It is much easier to get into an abusive relationship than to get out of one. Everything from fear of retaliation to feeling helpless can make it difficult for a victim of abuse to sever ties with their abuser.
Unemployment, underemployment, codependency, and not wanting the children to suffer (though they probably already are!) can also discourage the victim from just walking away. Even worst, the pernicious prospect of being publicly humiliated or perhaps even murdered by their abuser can simply paralyze the victim.
Such are compelling reasons to avoid an abusive relationship altogether or stand ready to swiftly exit it, if you find yourself in one. However, as many victims of abuse will tell you, wanting to be strong and sagacious in this manner is not as much a challenge as finding the actual will-power and wherewithal to do so.
Therefore, I would like to impart to you invaluable insights that can help you steer clear of an abusive relationship or from staying in one. I urge you to take to heart what you are about to read because it will be useful to you regardless of your gender. Besides, your abuser's first or next act of aggression may just be one from which you cannot recover.
Eluding or escaping an abusive relationship begins with you rejecting the idea that "it's a thin line between love and hate." Not only are love and hate separate and distinct ways of viewing and treating people; the "line" between these attitudes and approaches to people and relationships is as vast as the universe itself.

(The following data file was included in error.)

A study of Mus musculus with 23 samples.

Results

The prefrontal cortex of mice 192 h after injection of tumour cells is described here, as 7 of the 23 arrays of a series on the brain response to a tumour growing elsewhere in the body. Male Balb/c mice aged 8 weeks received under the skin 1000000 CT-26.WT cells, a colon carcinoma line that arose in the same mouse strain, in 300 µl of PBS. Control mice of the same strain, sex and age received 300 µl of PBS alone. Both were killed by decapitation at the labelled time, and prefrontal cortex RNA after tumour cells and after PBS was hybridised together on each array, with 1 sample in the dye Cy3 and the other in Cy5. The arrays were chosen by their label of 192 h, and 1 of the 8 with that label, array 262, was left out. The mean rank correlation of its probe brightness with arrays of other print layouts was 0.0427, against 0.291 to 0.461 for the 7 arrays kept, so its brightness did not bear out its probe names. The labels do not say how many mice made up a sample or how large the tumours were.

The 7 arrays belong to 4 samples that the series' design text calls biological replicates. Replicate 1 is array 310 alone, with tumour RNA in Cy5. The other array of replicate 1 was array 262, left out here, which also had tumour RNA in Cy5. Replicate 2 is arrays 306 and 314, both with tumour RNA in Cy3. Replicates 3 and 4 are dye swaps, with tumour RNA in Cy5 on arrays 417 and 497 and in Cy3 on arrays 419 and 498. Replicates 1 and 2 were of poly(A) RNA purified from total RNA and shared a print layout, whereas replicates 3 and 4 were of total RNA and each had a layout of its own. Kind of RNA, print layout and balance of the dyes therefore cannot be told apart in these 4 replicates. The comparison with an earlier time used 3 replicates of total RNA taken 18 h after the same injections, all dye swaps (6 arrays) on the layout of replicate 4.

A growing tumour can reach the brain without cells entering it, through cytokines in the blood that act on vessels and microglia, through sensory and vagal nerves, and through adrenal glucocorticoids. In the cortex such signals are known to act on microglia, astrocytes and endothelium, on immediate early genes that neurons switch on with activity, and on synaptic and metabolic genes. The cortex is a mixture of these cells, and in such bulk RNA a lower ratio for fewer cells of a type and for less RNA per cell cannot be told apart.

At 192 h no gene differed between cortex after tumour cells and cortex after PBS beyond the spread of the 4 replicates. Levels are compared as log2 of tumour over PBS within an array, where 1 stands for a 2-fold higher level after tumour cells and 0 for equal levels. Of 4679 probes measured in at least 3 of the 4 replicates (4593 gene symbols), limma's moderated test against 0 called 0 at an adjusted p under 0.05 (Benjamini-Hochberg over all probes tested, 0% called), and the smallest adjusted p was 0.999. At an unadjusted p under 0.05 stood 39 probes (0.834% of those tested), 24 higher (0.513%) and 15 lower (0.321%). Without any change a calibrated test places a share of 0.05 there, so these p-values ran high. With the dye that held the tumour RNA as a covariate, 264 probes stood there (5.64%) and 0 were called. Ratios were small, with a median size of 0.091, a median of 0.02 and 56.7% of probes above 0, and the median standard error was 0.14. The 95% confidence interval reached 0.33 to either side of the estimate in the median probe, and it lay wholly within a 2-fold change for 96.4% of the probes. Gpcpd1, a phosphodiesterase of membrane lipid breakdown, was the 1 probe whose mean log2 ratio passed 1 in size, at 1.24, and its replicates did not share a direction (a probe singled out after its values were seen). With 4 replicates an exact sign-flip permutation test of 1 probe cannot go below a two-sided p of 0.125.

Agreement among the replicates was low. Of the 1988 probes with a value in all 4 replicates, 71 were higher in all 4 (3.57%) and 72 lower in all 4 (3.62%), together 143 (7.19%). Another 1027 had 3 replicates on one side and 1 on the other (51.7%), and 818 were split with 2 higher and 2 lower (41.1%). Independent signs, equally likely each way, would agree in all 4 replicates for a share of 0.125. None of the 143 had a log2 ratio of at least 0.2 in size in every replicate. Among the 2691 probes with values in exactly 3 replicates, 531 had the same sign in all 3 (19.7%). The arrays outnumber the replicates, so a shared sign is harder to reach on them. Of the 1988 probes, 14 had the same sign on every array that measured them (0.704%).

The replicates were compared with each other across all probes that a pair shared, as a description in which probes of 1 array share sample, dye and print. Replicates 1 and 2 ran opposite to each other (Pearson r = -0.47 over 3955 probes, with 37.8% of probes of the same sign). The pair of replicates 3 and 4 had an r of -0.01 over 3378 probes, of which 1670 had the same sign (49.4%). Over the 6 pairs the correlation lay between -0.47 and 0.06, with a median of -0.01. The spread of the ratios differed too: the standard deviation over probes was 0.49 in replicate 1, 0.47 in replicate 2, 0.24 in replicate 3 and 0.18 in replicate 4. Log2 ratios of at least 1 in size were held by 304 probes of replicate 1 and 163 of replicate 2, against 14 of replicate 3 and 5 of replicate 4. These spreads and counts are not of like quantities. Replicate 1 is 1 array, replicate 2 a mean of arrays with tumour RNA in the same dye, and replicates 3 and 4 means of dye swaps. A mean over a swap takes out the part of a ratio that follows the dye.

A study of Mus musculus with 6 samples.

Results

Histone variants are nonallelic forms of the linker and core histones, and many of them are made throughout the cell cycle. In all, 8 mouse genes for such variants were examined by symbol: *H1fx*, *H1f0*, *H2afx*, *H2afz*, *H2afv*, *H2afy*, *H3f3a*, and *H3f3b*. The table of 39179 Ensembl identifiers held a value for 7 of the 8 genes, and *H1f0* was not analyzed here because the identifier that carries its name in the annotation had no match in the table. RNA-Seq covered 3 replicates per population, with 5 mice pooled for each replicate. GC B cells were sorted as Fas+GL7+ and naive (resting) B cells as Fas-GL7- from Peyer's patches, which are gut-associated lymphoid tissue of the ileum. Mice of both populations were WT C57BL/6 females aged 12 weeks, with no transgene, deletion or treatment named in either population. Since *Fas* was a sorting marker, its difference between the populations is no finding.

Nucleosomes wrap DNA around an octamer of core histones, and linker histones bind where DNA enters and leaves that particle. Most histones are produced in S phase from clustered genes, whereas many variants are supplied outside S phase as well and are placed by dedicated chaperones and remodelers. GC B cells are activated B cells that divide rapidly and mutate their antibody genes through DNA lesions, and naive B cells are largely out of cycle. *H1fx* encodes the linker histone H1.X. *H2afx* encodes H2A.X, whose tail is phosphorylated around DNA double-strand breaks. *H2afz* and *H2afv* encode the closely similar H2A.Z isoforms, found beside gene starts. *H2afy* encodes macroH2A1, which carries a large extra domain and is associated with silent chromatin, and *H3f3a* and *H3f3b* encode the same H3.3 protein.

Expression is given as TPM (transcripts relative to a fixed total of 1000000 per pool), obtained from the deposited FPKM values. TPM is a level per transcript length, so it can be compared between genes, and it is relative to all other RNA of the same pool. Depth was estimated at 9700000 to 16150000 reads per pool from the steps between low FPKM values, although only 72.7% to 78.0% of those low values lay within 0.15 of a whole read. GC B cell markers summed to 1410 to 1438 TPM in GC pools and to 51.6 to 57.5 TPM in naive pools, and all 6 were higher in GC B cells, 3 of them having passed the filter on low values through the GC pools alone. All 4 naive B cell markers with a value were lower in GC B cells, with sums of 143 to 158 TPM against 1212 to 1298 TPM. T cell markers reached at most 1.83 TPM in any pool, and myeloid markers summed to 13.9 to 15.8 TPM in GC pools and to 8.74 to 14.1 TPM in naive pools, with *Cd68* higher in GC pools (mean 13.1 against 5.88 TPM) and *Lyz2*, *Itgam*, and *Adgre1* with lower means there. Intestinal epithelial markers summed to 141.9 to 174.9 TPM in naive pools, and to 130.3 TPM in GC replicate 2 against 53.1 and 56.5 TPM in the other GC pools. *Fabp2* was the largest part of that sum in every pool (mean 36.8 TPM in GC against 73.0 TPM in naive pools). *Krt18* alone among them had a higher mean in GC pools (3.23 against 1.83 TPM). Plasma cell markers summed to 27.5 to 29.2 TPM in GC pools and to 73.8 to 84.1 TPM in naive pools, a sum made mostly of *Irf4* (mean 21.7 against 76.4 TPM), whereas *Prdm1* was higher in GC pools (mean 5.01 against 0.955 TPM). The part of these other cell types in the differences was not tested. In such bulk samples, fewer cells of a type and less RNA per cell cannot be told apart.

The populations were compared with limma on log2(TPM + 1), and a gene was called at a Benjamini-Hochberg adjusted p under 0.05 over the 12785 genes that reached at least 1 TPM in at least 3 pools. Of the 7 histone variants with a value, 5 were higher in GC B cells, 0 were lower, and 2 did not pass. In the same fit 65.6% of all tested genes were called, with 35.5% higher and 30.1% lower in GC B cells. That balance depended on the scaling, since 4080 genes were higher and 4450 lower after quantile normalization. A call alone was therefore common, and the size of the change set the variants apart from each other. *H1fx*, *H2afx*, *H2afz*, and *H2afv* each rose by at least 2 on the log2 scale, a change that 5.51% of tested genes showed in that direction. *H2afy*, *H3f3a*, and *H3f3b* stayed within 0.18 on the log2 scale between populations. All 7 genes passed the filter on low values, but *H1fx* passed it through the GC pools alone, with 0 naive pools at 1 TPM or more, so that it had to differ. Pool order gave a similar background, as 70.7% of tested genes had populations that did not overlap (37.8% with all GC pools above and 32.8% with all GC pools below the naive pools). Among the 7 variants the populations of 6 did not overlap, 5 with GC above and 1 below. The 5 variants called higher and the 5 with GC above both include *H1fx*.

It is not love that drives someone to hurt you. It is not love that compels someone to attempt to control you. Much to the contrary, love brings out the best in us even during the worst of times and provides us with motivation and a manner of making the most of whatever moments we share. If your partner claims to love you, it is only fitting that they follow-up that declaration by doing things that build you up rather than tear you down.
You will not tolerate abuse if you truly believe that your own health and happiness are more important than having a wife, husband, or honey. You are just as significant as your significant other, and a diminished you is detrimental to you, your relationships, and every good thing you desire. Love yourself enough to liberate yourself from such a need for acceptance that you lose yourself in gaining it. Love yourself and others by doing what, first, is best for you.